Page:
If a patient's oesophagus is obstructed, he cannot swallow food, so he starves. He cannot swallow saliva, so it drips from his mouth. You can feed him through an opening in his stomach, but this will not help him to swallow his saliva. This is such a disabling symptom, that there is little to be gained by prolonging his life merely to endure it. There is thus seldom any indication for doing a gastrostomy for inoperable carcinoma of the oesophagus or pharynx. The possible indications for it are given below. For many of them a jejunostomy is an alternative.
GASTROSTOMY INDICATIONS. (1) Strictures of a patient's oesophagus following corrosive poisoning, prior to referral for reconstruction. (2) A malignant stricture of his oesophagus or gastro-oesophageal junction, with no signs of advanced disease, and when you plan to insert a Celestin tube. (3) Operable oesophageal carcinoma to ''build him up' before referring him for resection. (4) Diseases of his pharynx or larynx which make swallowing impossible, but which can be cured (for example, retropharyngeal abscess or perforation from a fish bone). (5) Temporary postoperative drainage of his stomach, when a nasogastric tube is impractical. (6) Inoperable carcinoma of the oesophagus is seldom considered a suitable indication, see above and Section 32.24.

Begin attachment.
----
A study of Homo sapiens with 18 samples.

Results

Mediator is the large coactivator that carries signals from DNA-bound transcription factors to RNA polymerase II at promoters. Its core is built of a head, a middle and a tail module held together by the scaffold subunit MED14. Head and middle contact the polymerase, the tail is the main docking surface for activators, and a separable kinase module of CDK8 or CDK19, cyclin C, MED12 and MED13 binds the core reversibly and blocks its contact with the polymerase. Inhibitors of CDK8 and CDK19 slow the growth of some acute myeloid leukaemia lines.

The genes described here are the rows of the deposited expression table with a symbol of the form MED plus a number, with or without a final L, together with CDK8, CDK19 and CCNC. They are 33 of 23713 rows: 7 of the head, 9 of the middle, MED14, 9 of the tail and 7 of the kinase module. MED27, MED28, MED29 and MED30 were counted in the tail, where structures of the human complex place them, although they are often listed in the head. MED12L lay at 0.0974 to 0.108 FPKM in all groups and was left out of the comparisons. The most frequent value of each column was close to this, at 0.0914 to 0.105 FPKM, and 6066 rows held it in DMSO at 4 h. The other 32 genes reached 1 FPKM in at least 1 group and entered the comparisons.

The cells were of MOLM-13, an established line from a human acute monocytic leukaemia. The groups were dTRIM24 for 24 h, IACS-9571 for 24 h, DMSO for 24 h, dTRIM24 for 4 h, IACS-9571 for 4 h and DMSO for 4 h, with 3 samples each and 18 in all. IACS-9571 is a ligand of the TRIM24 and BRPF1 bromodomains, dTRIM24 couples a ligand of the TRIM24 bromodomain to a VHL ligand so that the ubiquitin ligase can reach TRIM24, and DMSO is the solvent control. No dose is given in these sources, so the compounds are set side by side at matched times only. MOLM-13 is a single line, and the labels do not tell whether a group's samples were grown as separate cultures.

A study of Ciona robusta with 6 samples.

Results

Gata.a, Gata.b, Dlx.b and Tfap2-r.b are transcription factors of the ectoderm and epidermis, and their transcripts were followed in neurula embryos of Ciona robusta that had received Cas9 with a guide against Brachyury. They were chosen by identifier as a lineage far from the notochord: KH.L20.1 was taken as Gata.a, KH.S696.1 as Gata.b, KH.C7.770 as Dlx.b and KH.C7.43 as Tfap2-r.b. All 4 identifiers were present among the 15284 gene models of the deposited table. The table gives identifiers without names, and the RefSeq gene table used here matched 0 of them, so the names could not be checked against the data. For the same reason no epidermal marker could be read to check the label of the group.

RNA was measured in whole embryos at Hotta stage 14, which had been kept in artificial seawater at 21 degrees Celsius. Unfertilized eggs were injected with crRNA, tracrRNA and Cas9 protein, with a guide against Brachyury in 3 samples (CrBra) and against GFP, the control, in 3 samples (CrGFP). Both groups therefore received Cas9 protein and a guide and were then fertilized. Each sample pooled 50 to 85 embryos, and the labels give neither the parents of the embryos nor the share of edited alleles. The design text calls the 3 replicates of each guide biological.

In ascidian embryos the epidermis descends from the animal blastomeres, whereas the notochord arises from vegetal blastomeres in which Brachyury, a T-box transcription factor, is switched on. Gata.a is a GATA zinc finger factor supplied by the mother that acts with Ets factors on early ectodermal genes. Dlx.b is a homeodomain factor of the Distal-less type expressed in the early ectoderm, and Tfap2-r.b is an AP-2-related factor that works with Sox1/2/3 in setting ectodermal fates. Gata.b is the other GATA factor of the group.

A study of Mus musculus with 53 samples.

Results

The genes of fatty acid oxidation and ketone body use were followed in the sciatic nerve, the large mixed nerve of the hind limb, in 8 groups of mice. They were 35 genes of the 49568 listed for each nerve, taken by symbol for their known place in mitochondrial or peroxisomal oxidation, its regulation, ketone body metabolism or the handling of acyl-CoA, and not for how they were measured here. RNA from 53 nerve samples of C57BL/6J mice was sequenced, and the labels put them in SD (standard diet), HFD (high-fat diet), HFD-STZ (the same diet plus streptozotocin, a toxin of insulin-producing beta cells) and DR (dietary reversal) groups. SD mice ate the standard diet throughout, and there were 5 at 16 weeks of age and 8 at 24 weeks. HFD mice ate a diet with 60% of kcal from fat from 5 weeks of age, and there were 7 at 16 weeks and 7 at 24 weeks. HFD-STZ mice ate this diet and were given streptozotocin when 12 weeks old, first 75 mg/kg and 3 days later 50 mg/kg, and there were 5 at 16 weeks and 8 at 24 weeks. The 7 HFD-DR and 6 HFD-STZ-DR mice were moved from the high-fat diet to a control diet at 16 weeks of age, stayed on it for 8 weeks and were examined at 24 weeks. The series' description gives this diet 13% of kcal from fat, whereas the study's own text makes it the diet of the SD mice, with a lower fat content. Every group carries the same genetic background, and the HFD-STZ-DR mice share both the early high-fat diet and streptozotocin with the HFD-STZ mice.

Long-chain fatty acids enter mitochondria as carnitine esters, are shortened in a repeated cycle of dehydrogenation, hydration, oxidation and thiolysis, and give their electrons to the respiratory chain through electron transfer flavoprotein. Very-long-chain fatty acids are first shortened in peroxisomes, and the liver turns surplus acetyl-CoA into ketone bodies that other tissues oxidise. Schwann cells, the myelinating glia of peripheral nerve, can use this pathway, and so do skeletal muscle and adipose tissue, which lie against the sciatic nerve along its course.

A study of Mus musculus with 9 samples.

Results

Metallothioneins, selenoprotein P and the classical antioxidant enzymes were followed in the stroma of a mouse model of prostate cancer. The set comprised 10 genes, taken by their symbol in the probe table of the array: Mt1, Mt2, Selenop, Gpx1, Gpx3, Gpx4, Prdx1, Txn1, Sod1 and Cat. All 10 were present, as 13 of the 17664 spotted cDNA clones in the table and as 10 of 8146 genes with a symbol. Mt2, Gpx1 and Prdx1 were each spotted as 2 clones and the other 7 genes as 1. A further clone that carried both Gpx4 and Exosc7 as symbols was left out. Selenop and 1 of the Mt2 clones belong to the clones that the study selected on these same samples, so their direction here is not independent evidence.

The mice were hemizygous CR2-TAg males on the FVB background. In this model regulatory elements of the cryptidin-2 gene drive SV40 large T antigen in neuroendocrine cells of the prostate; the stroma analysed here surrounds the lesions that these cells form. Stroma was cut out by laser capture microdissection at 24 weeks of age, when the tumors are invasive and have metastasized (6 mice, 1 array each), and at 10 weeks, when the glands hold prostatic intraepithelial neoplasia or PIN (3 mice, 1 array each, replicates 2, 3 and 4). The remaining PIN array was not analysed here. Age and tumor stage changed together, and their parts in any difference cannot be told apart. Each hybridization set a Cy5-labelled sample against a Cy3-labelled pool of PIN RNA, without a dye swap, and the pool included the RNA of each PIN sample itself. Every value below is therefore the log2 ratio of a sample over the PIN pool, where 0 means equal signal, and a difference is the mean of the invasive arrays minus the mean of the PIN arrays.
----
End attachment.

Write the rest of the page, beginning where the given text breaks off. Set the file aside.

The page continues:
METHOD. Under local or general anaesthesia make a small upper median incision (9.2). Pick up the cut edges of his peritoneum and draw them apart. You will probably find that his stomach is small and tubular, so that the first thing that you see is is his great omentum or transverse colon. Pull this downwards and deliver the upper part of his stomach into the wound.
CAUTION ! Check that you really have found his stomach, and not his transverse colon by mistake!
Make a small stab wound beside the median incision and use a haemostat to pull a 12 or 14 Ch Foley catheter through it. Make the gastrostomy high on the anterior wall of his stomach, midway between its greater and lesser curves, and as far from his pylorus as you can. Hold his stomach with two pairs of Babcock's forceps, and draw it upwards and forwards into a cone. Make a small incision between the forceps, and push the catheter through this. Encircle it with 2 purse string sutures, and invaginate his stomach wall as you tie them.
CAUTION ! (1) Take the bites of the inner purse string suture through the full thickness of his stomach wall, so as to control bleeding. (2) The main dangers are haemorrhage and leaking. His gastrostomy must be as leak-proof as possible, so that his gastric juice does not enter his peritoneal cavity.
Anchor his stomach above and below the tube to his parietal peritoneum. Spigot the tube, and fix it to his skin with an encircling stitch.
Before he leaves the theatre instil some fluid (milk if possible) through it, to make sure it is patent, and to start giving him the food he so badly needs.